1854-June 1855

The Collected Letters, Volume 29


TC TO JOHN NICHOL; 16 December 1854; DOI: 10.1215/lt-18541216-TC-JNI-01; CL 29: 217-218


Chelsea, 16 decr, 1854—

Dear Sir,

I have received your Pamphlet; and return many thanks for all your kindness to me. I am sorry to learn, as I do for the first time from this Narrative, what angry nonsense some of my countrymen see good to write of me.1 Not being much a reader of Newspapers, I had hardly heard of the Election till after it was finished; and I did not know that anything of this melancholy element of Heterodoxy, “Pantheism,” &c &c, had been introduced into the matter.2 It is an evil, after its sort, this of being hated and denounced by fools and ignorant persons; but it cannot be mended for the present; and so must be left standing there.

That another wiser class think differently, nay that they alone have any real knowledge of the question, or any real right to vote upon it, is surely an abundant compensation. If that be so, then all is still right; and probably there is no harm done at all!— To you, and the other young Gentlemen who have gone with you on this occasion, I can only say that I feel you have loyally meant to do me a great honour and kindness; that I am deeply sensible of your genial recognition, of your noble enthusiasm (which reminds me of my own young years); and that in fine there is no loss or gain of an Election which can in the least alter these valuable facts, or which is not wholly insignificant to me in comparison with them. “Elections” are not a thing transacted by the gods, in general; and I have known very unbeautiful creatures “elected” to be kings, chief-priests, railway kings, &c, by the “most sweet voices,” and the spiritual virtue that inspires these, in our time!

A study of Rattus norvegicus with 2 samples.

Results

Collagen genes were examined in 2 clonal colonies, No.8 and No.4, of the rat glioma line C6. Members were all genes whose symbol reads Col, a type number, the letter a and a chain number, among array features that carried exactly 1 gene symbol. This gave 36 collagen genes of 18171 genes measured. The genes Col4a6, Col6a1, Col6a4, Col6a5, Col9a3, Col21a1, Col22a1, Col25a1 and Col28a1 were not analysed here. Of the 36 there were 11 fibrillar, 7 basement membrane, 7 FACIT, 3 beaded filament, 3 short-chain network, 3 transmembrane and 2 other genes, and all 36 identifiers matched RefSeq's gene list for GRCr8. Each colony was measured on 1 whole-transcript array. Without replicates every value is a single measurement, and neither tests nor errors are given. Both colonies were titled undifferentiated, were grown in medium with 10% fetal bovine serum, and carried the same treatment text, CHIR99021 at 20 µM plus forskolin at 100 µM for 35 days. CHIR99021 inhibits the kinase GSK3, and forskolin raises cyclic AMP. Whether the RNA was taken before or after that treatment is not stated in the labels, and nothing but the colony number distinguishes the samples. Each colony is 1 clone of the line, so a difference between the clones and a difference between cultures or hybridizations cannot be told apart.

Leaving all that, I will beg you all to retain your honourable good feelings towards me; and to think that if anything I have done or written can help any one of you in the noble problem of living like a wise man, in these evil and foolish times, it will be more valuable to me than never so many Elections or Non-elections.

With many good wishes and regards I heartily thank you all; and remain

Yours very sincerely /

T. Carlyle

My Wife still remembers Professor Nichol;3 to whom I also desire to recommend myself, as a kind of old acquaintance at second hand.